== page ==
Merely winning will not satisfy Indians
India have a lot on their plate as they move to Sri Lanka for the triangular series. They have a new coach and a new captain; Tendulkar and Ganguly are missing and a few seniors have been asked to prove themselves all over again. Merely winning will not satisfy them. They seek a few critical answers with 2007 World Cup in mind.
It amuses me to see so much of a build up in India over the new coach Greg Chappell. Everyone expects him to conjure up miracles. Unfortunately, cricket does not work that way.
A good team wins because it has worked out a good combination, its wheels are running on a good piston and engine. Just one factor is not decisive. I have seen good teams win even when they have had a bad coach, as bad teams have lost even when a super coach has worked tirelessly. It's all about the combination in the park which, eventually, does the trick.
Similarly, Rahul Dravid as new captain cannot provide all the answers straight away. He is an experienced guy who has constantly strived to improve himself. But he will miss the experience of Tendulkar and Ganguly, two guys who not very long ago appeared to have a 99-year lease at the batting crease in the one-day context. Dravid is expecting seniors to show the freshness of youngsters; and rookies to play with a mature head.
It is important for India to find most of these answers against the hosts for two reasons. One, they face Sri Lanka in their own group in the 2007 World Cup. Two, conditions in the Caribbean are largely similar to what exist in Sri Lanka. A good performance will show them that they are on the right path.
Unfortunately, it would not be easy. Sri Lanka has lost only one of their last nine games at home. In the last five years, India has won just three and lost six one-day matches in Sri Lanka. Most of Sri Lanka's top players remain unmoved.
Sanath Jayasuriya has not been in good touch in one-dayers recently but the sight of Indian bowlers nearly always gets him going. Chaminda Vaas and Muttiah Muralitharan, as they have showed against an admittedly weak West Indies side, still retain a voracious appetite.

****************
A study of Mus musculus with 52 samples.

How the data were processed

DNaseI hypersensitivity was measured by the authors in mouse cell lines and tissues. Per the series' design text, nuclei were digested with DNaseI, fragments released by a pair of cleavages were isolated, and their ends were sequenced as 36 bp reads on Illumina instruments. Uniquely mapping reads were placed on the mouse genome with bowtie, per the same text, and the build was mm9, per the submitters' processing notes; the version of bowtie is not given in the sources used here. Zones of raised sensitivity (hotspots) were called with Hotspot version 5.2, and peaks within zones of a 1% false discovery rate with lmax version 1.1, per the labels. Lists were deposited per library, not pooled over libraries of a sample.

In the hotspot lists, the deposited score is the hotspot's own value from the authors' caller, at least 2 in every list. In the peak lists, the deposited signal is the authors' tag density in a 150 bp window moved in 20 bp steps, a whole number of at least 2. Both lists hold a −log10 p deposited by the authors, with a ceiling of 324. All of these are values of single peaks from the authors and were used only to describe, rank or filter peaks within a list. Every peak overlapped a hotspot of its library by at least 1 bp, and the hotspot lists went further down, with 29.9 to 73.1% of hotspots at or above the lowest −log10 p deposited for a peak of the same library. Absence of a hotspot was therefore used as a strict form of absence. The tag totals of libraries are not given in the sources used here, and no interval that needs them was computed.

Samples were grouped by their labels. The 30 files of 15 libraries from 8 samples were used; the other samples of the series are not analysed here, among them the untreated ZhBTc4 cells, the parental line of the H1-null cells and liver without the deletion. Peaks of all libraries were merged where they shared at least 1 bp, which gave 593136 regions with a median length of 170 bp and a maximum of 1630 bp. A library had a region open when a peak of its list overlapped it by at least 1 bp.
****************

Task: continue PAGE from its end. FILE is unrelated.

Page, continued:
These three will ask a few technical questions from the Indian players. What is the best way to play them? It is something which Dravid and Chappell, and all those young and not-so-young Indian batters, will have to find out themselves. Should they take them on or simply try to play out Murali's and Vaas's quota of overs? It would be dangerous to go with a pre-conceived notion.
A lot depends on the wicket, surface, conditions and the field setting. A good coach and captain should not lose sight of abetting factors. It was only last year that I predicted that India could win the 2007 World Cup. Since then they have slipped up dramatically. Their consistency is missing and I also believe they are ageing a bit.
Not that it begs the question what VVS Laxman and Anil Kumble are doing in the one-day side. Without them, India would otherwise have been too light on experience in Sri Lanka.
Sri Lanka are nearly impregnable at home because the conditions suit their composition to the hilt. At the moment, their batsmen are a little untidy but the Tests against the West Indies would ease them into a good rhythm for the triangular series. It is a good unit which would look to play to their potential against India. Somehow, they never fail to get inspired at the sight of an Indian team!